Director: Matthew Vaughn
Starring: Colin Firth, Taron Egerton, Sammuel L. Jackson
There's James Bond and there's Austin Powers and somewhere in between there's Kingsman: The Secret Service, suave as Bond but as in on the joke as Powers. If I'm being completely honest, Kingsman is a mixed bag of things that do and don't work, with violence so literally cartoonish that it becomes off-putting fairly quickly, but every time the film starts to veer off course it finds a way to pull you back in with its nonchallantly ironic humor. It helps to have a cool as a cucumber performance by Colin Firth front and center, with a so weird it works performance by Samuel L. Jackson standing beside it, as well as healthy doses of Mark Strong and Michael Caine; Kingsman has all these things and more, which is why it ends up more on the "good" side of the scale than the "bad."
Kingsman is a shadow organization, an independent intelligence agency tasked with swooping in to save the world before the world even realizes that it needs saving, and styled and organized according to the legends of King Arthur. The head of the organization is code-named Arthur (Michael Caine), the man tasked with training agents is Merlin (Mark Strong), and the agents themselves are named after the Knights of the Round Table. After one of the agents, Lancelot (Jack Davenport), is killed trying to rescue a professor (Mark Hamill), who later turns up alive but only until an implant in his neck is set off, exploding his head, the Kingsmen become aware that a large scale plot is under way by eccentric billionaire Richard Valentine (Samuel L. Jackson), who has just made free cell phones and internet available the world over as the first stage in his plan. As the agent code-named Galahad (Colin Firth) investigates, the agency seeks to fill the void left by Lancelot, which requires each of the remaining agents to select a recruit to undergo the agency's rigorous training program to see who is fit to don a Kingsman suit. Galahad's selection is Eggsy Unwin (Taron Egerton), the son of a former Kingsman who once saved his life, a kid from the wrong side of the tracks who doesn't exactly fit in with the other contenders, who come from rich, connected families.
Eggsy makes it to the final stage of training, alongside fellow recruit Roxy (Sophie Cookson), but whiffs on the final test, allowing Roxy to ascend to become the new Lancelot. In the meantime, Galahad has uncovered more about Valentine's plot, which involves saving the world by culling its most harmful species (humans), achieving that by activating a signal which will be transmitted through cell phones and cause everyone within range to hear it to become aggressive and lose impulse control and kill each other. After Valentine and his loyal and deadly henchman Gazelle (Sofia Boutella) test the technology out on a hate group based in Kentucky, they're ready to put it into effect globally and retreat to his mountain bunker, where they're joined by the world leaders who have decided to get onside with Valentine's plan, as well as other powerful people (and a few uncooperative celebrities that he wants to keep around and has locked up). With Galahad (and, apparently, the rest of the Kingsmen; if their absence is actually explained by the film, then I missed it) out of commission, it's up to Merlin, Lancelot, and Eggsy alone to foil the plot.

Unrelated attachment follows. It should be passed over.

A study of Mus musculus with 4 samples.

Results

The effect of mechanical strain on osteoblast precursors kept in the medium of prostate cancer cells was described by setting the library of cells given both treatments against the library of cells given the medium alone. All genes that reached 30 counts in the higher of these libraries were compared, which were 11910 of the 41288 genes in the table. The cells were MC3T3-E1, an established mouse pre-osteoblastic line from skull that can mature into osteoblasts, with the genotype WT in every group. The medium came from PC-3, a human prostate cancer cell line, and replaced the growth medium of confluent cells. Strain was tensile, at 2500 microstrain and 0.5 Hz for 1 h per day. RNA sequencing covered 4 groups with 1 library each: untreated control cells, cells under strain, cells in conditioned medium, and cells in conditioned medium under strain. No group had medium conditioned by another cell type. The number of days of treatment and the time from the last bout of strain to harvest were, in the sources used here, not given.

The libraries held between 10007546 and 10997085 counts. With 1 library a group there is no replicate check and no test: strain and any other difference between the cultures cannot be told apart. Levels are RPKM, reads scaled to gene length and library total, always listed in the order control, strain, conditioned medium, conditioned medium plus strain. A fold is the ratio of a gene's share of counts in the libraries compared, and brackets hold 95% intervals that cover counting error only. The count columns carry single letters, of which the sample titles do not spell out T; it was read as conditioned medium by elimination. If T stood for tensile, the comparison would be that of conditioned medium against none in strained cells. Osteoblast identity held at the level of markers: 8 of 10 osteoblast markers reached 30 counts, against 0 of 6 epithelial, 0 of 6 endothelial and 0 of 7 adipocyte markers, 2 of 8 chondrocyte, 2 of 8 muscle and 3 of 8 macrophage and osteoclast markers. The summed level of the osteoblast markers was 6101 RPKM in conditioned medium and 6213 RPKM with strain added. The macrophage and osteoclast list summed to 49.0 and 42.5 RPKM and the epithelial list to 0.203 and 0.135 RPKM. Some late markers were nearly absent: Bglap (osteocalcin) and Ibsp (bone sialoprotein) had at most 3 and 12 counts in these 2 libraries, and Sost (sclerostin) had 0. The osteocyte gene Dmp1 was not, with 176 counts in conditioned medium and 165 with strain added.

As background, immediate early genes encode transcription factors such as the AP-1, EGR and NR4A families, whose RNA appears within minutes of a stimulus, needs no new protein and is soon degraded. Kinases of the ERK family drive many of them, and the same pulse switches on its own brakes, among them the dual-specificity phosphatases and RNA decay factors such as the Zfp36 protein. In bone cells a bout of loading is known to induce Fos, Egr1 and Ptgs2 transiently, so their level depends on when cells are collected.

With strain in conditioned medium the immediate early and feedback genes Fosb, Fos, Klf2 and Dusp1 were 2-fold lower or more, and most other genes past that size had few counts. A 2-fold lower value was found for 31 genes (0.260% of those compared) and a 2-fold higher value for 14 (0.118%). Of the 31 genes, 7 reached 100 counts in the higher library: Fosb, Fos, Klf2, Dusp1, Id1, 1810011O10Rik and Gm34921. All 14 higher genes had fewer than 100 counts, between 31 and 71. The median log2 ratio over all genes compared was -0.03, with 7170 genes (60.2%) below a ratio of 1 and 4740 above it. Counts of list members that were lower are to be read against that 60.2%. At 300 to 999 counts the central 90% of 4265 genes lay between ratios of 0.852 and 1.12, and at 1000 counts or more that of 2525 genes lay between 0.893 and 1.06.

Based (very, very) loosely on the comic book The Secret Service, Kingsman is a film that doesn't take itself seriously at all. It is all wink, embracing the camp and excess of the spy movies of yore and taking a self-referential attitude that breaks down the fourth wall. As an action film, Kingsman is pretty generic, its action sequences distinguished only by how overtly fake it is (when heads explode because of the implants, they literally go up in a puff of brightly colored smoke). As a comedy, however, Kingsman is pretty winning, thanks in no small part to Jackson's off-the-wall performance as the exceedingly bizarre villain. Valentine isn't just a throwback to the kind of megalomaniacal, armed-bunker-built-into-a-mountain-having, seeking world domination style villain that inspired Dr. Evil, he's his own distinct creature not quite like any you've seen before. For one thing, he abhors violence and can't stand the sight of blood and the one time he actually directly kills someone, he feels super bad about it (whether this would be as hilarious as it is if the character was played by anyone other than Jackson is open for debate). For another, he seems to get that he's the bad guy in a movie and he's as excited by that as if he's watching it and participating in it at the same time. In what is, all around, a very fun movie, Jackson is easily the most fun part of it.
Kingsman is not a movie without some weaknesses on a story level (seriously, I know that at least one member of the agency was compromised by Valentine, but where were the rest of them when the world was about to end?; Why does it take so long for Merlin and Eggsy to remember what the implants are capable of doing to those who have them? What happened to Gazelle's implant?) and on the level of taste (staging a massacre scene inside of a church, even one that's home to a hate group that merely calls itself a church, would seem like a questionable decision to me even if it weren't for that fact that the sequence goes on forever, and the movie could have done without the finale gag with the Swedish Princess), but it's ultimately a work that coasts over its weak spots on the force of its sense of fun. Doubtless it's poised to become a franchise, and whether it can sustain its zany charm over multiple movies remains to be seen, but it's first entry at least is a good time.